Wednesday, June 24, 2009

Weaponized Keynesianism

Ali Frick reports on a very well articulated tirade from Barney Franks. The backdrop:

Last week, over the objections of Defense Secretary Robert Gates and the Obama administration, the House Armed Services Committee restored funding for the basically useless F-22 fighter jet, in the process stripping funding for nuclear waste cleanup efforts. Last night, Rep. Barney Frank (D-MA) filed an amendment to restore the waste cleanup funds and eliminate the money for the F-22. The move came after months of Republicans issuing dire warnings about the consequences of suspending the F-22 program: Frank Gaffney, for example, declared it would lead to “diminished military capability, emboldening enemies, and alienating our friends.”

But it’s time to give Congressman Franks the microphone:

I am of course struck that so many of my colleagues who are so worried about the deficit apparently think the Pentagon is funded with Monopoly money that somehow doesn’t count ... These arguments will come from the very people who denied that the economic recovery plan created any jobs. We have a very odd economic philosophy in Washington. It’s called weaponized Keynesianism. It is the view that the government does not create jobs when it funds the building of bridges or important research or retrains workers, but when it builds airplanes that are never going to be used in combat, that is of course economic salvation.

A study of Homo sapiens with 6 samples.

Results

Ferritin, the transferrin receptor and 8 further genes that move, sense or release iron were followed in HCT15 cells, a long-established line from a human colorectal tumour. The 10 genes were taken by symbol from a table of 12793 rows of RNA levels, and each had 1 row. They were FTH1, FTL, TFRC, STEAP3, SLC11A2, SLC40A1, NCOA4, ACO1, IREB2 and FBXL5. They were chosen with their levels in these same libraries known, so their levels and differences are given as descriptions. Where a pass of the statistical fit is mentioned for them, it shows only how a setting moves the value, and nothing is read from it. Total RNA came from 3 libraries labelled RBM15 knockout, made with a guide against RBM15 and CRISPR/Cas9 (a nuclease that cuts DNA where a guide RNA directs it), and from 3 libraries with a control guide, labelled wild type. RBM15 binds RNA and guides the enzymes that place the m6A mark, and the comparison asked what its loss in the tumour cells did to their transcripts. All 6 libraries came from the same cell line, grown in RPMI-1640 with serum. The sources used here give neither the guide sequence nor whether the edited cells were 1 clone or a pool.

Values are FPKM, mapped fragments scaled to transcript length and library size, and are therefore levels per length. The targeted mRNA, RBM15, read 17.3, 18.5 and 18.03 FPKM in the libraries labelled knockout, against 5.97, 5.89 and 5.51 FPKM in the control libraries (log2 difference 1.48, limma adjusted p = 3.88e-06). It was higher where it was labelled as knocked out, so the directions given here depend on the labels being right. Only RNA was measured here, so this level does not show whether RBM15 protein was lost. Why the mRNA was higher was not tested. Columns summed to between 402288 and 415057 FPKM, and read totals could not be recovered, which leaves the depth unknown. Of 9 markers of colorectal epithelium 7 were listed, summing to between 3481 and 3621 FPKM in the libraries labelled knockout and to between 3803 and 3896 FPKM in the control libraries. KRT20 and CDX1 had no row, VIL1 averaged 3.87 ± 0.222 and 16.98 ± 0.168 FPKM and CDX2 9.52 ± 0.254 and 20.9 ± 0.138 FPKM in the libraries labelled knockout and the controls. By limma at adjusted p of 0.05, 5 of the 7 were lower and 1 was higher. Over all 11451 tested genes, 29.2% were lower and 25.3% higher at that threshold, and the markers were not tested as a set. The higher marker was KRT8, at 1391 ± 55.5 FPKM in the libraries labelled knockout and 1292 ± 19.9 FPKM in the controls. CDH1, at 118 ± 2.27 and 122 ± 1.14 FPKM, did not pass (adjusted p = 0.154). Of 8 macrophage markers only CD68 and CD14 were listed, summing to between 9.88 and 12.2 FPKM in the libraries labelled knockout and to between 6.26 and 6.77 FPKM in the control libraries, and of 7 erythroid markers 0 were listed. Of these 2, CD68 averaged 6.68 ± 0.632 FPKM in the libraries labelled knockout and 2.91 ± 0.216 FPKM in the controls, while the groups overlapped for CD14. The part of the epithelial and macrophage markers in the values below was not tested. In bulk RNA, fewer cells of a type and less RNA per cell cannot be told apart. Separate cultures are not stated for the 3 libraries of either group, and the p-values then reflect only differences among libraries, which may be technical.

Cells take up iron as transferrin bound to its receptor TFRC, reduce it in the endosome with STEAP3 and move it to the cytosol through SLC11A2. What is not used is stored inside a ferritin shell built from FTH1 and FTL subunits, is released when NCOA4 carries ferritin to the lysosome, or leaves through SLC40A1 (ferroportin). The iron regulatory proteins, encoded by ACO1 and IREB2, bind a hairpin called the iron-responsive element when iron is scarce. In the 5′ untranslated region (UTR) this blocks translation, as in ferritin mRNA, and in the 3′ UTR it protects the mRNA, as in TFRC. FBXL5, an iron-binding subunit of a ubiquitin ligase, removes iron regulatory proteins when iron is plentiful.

A follow-up question given the role of the marginal propensity to import in the size of the Keynesian multiplier: when the government purchases a military airplane, how much of that comes from domestic versus foreign content as opposed to when the government decides to have a bridge built?


Shag from Brookline said...

Barney Frank is the Congressman representing the district where I reside. He responds to communications from constituents, even those who have not contributed to him, but he declines to suffer fools, even among his constituents. Political life has not been easy for him. Just take a look at the shape of his district.

Seinfeld's TV series had an episode where he told Elaine that Tolstoy's "War and Peace" was initially titled "War, What is it Good For?" That's a great question, including in song form. And I think back to the "Excess Profits Tax" in the mid-1940s aimed at war profiteers. And I think of Ike's "Farewell Address" warning of the military-industrial complex. When it comes to defense, the Keynesian multiplier may be zero, or close to it, or perhaps negative.

Daro said...

Ike's original statement was going to be "the military-industrial-congressional complex" but his speechwriter urged him to drop it because it sounded too paranoid.

But the goal of the speechwriter wasn't the same as the goal of Ike and we can see who understood the right goal correctly.

Bruce Webb said...

To answer PGLs question.

I live a couple of miles from the Boeing assembly plant that puts together the 747, 767 and much-delayed 787 (Dreamliner).

Most of the larger air-frame components for the Dreamliner are made overseas in Italy and China in a fairly transparent effort to trade jobs for future sales. Boeing's military planes take the same tack with the lead actor here being the Pentagon trying to keep per unit costs down by pre-selling orders to NATO and other foreign partners. This may or may not be effective in getting the Pentagon for planes for less bucks (it never seems to really work in the end) but it does mean that a lot more of a jet contract will end up overseas than a highway contract.

At least the Navy builds its wasteful ship projects at home and in two states that really need the jobs (Maine and Mississippi)

ProGrowthLiberal said...

Bruce - thanks for the info which basically says that if we want "jobs, jobs, jobs" (whoops - just quoted the title of a Barro 1992 oped) then we want to build bridges not F-22s.